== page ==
Lake science is quite fascinating because of the number of variables that can influence conditions. “Limnology,” as it is called, is also a very new science so new discoveries and theories are common. This science is even interesting to the non-scientist.

Winter is a slow time for lakes because the ice cover cuts off the sunlight and wind and most of the inhabitants are enjoying a sluggish lifestyle in a stagnant environment. If it were not for the fact that ice is lighter than water, lakes would freeze from the bottom up and most of the lake creatures would be in serious trouble.

Spring brings ice melt, warming of the surface waters, winds, and a complete mixing – a kind of rebirth. As summer arrives, lakes deeper than 30 feet or so will gradually separate or stratify into a warm top layer and a cold bottom layer. Much of the important data is developed during the late summer when we see how lakes act under their worst conditions.

Lakes that are layered show their problems prominently in the isolated bottom waters below the thermal barrier (thermocline) that prevents them from mixing with the warmer surface waters. The upper, warm waters are constantly wind mixed which “folds in” oxygen. If the thermal barrier did not exist, we would have no cold waters to support trout and salmon, but the isolation of these cold waters keeps them from replenishing their oxygen by wind mixing. Oxygen and temperature are measured in the field using an electronic meter with attached sensing probes.

An algae bloom on Granger Pond

The critical element for understanding lake health is phosphorus – lake algae populations are typically limited by phosphorus concentrations in the water. Add phosphorus and more algae grow. Since algae are plants, they can only grow in the upper, sunlit waters. As their populations increase, water clarity diminishes. Some look like miniature fuzzy basketballs and some like tapioca particles – there are dozens of species native to our waters, each with its own unusual shape, color and arrangement. They are short-lived and die after a few weeks, left to drift by gravity to the bottom waters where they decompose. “Counting” a lake’s algae population is accomplished by measuring the green plant pigment, chlorophyll. A hose is lowered into the lake and is capped to capture a column of water. This sample is drawn through a filter that the lab analyzes for chlorophyll content.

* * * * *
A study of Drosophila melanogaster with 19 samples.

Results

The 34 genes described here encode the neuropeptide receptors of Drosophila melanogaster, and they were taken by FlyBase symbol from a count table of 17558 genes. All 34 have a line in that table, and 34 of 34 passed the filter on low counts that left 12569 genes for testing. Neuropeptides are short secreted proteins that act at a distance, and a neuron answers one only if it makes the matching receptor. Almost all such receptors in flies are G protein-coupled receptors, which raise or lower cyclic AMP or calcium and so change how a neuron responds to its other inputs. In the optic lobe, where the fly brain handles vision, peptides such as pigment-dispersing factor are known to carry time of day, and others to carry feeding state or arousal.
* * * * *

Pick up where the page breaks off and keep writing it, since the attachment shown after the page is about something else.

Dead algae are decomposed by bacteria in the bottom waters of the lake. This process consumes oxygen. More phosphorus means more algae. More algae mean more decomposition. More decomposition means less oxygen. This is the link between what goes on in the watershed and what happens in the lake. Phosphorus comes from the land and determines the water quality. Uses of land that cause erosion and sedimentation are the worst culprits since phosphorus is a natural element in soils. Clay particles are richest in phosphorus because of a chemical attraction and because they have a lot of surface area as compared to their size and weight. Through a microscope they look like paper plates, while sand and gravel are more like small globes. Another problem for lakes is that these clay particles are carried too easily by stormwater runoff. The heavier and less phosphorus rich soil particles like sand and gravel tend to settle out more quickly.

Excessive decomposition of organic matter can use up all of the available oxygen in the bottom waters of a lake. This can cause a complex chemical reaction, which releases sediment bound phosphorus into the water column. This process is called internal phosphorus recycling and it can add large amounts of phosphorus to the lake. This stimulates more algal growth, leads to less dissolved oxygen in the bottom waters and further offsets the lake’s natural equilibrium.

Following summer stratification, cool fall winds chill the warm upper waters until the temperature differential is weak. Then the stratification breaks down and the “fall turnover” occurs. This is a full mixing of the lake waters, preparing the way for winter.

Weather is a major factor in water quality. Lack of rain is good for a lake since runoff is needed to carry the loose soil particles with their attached phosphorus to the lake. The size, duration and spacing of rains and the type of snow cover and snow melt also greatly influence the phosphorus deliveries. It’s difficult to compute these variables, but we do our best to factor them in. Although many of our lakes show signs of sensitivity like oxygen depletion, moderate chlorophyll concentrations and reduced clarity, the overall situation is good as compared to southern New England lakes. The challenge is to maintain our water quality. Every summer is unique in its conditions but the same enemy threatens every lake. The more we all know, the better equipped we are to protect our lakes.